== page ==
Vaccines protect against various diseases, like the flu and COVID-19. They’re one of our most amazing medical breakthroughs that prevent four to five million deaths yearly. However, despite several studies proving their safety and effectiveness, many still fear vaccination. Vaccines are FDA-approved and undergo a meticulous testing and approval process before being administered to eligible individuals. Each has its own formulation, but all vaccine ingredients are safe and serve specific purposes.
The Most Common Vaccine Ingredients
So, what exactly is in your vaccines?
Antigens are small amounts of weakened or dead disease-causing pathogens included in vaccines to give us immunity without getting infected. They are active vaccine ingredients that trigger the immune system to produce antibodies and defend the body without the risk of complications.
Vaccines like measles and mumps contain many types of antigens or different strains of the same pathogen in one shot. The antigens used are either weakened or killed and come in small components, so they’re no longer capable of causing illnesses.
Scientists isolate and tame the germ in a laboratory, ensuring their toxins are inactivated using heat or certain chemicals.
Adjuvants are substances that further strengthen the immune response. Groups of people with compromised immune systems — such as elders, children, and pregnant women — may benefit greatly from these vaccine ingredients as they have special needs and require more protection. Essentially, adjuvants make vaccines more effective with a reduced amount of antigens.
Aluminum, one of the most commonly used vaccine adjuvants, has a good safety profile and has been used effectively for more than 70 years. This element is all around us, from natural food sources to many consumer products. The amount used in vaccine production doesn’t pose any health risks since it’s minimal, just enough to trigger the immune system to produce antibodies.
Preservatives kill and prevent the growth of fungus, bacteria, and germs in vaccines. Most single-dose vials don’t contain preservatives. Only those in multi-dose vials do, for safety purposes, as contamination may occur each time a new syringe is used to take doses for different patients.
Using preservatives in some vaccines is essential, but the risk of contamination cannot be eliminated. In the end, what matters is the technique used in withdrawing the doses. Preservatives have a proven track record of being safe, including the mercury-containing organic compound thimerosal.
Thiomersal, a preservative derived from mercury, is used in small quantities to prevent contamination in some vaccines. It contains ethylmercury, a type of mercury that exits the body quicker than methylmercury.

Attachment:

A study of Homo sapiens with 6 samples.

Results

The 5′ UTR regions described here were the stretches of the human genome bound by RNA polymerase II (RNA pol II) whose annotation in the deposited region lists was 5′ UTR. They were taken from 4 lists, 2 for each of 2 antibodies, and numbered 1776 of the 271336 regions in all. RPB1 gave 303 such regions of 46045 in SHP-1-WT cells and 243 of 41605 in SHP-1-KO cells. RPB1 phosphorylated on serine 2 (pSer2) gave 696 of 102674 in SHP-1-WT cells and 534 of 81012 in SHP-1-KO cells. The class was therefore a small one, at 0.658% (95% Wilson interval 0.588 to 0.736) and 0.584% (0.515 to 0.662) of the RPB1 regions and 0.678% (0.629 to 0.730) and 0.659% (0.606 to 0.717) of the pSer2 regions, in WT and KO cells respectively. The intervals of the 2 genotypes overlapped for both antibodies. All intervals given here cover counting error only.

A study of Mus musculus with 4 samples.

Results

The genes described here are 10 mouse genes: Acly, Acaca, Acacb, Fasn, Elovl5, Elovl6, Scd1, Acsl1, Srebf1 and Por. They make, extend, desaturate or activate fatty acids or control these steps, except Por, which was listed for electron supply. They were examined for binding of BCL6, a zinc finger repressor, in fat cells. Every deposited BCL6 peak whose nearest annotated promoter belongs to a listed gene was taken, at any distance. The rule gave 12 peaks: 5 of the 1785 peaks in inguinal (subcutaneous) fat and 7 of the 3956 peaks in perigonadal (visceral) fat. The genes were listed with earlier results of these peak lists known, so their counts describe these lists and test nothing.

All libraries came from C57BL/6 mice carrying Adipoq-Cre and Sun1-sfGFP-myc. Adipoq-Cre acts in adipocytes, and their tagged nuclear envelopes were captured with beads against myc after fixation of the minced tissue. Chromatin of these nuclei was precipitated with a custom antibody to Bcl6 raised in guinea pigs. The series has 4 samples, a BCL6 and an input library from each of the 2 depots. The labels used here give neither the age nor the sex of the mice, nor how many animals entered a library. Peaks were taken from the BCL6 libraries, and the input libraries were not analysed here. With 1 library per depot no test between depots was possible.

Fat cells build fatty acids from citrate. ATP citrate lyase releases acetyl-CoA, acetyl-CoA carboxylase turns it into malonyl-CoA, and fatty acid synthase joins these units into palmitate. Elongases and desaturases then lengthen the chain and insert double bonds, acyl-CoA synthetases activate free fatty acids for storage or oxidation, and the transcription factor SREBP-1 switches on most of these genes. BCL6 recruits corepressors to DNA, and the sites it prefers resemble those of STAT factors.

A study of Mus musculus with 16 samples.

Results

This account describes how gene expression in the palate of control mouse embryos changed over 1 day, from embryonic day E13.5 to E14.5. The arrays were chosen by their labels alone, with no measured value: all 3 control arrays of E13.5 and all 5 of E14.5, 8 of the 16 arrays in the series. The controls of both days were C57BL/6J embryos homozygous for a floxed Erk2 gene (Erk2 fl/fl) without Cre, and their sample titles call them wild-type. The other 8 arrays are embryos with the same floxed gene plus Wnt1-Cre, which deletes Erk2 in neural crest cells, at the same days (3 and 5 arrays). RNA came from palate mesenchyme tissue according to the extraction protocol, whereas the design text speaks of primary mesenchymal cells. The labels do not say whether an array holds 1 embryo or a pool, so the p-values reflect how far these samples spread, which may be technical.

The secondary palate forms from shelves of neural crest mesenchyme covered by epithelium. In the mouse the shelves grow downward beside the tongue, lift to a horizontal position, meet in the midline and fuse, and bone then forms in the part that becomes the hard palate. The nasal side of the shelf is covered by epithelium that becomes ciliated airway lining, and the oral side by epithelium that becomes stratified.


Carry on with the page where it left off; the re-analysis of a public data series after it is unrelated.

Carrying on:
Ethylmercury doesn’t accumulate in the body for long and is, therefore, safer. Today, thiomersal has been removed from many childhood vaccines due to theoretical risks. Still, there is no evidence that this ingredient causes adverse events.
2-Phenoxyethanol is often used as an alternative to thiomersal. It’s currently used as a preservative in the FDA-approved poliovirus vaccine Ipol. Moreover, this organic chemical compound is used in many cosmetic products, including sunscreen and shampoo.
Stabilizers ensure vaccine stability, despite a change in temperatures, locations, and storage conditions. They prevent chemical reactions from happening because of acidity, humidity, light, heat, and other factors. Without these vaccine ingredients, other vaccine components may stick to the vial or separate from each other while in transit or storage.
Stabilizers fall into different categories: sugars, amino acids, and proteins. Many are only necessary during vaccine production but not needed once administered to an individual. Like preservatives, only small amounts of stabilizers are utilized, and those left in the final product are not dangerous.
Purified and hydrolyzed gelatin from pigs is sometimes used in vaccines to protect antigens from damage from light, humidity, and temperature changes. Some people may develop allergic reactions to this ingredient, so those with a history of gelatin allergy are advised to avoid gelatin-containing vaccines.
Sorbitol, a common food and beverage sweetener, is also used in small quantities as a stabilizer. It’s naturally found in fruits like strawberries, blackberries, apricots, and avocados. While it’s safe to use in vaccines, people with allergies should avoid it.
5. Other Vaccine Ingredients Used in the Production Process
Some vaccine manufacturers use antibiotics in minute traces during the manufacturing and storage processes to prevent the growth of bacteria. However, penicillin, sulphonamides, cephalosporins, and other antibiotics people are commonly allergic to are not used in vaccine production.
Chicken eggs are also utilized to weaken viruses for vaccines. This leads to small traces of egg protein in the final product, despite the efforts to remove remnants. Even so, people with egg allergies can still get vaccinated, provided that the shot will be administered by a healthcare professional in a medical setting, where potential side effects can be properly observed and managed.
Human Fetal Cells
When it comes to growing antigens for vaccines, human cells tend to work better. They divide more quickly compared to animal cells and any other human cells. Fetal cells are grown in a laboratory.
Vaccines Are Safe and FDA-Approved
Vaccine ingredients are present in tiny quantities yet fulfill important roles from production and storage to administration. They have been thoroughly studied for years and are completely safe, except for some allergic reactions and mild side effects. Before receiving a vaccine, talk to your healthcare provider to ensure it’s safe for you.
Remember, getting vaccinated is the safest and most effective way to protect ourselves and each other.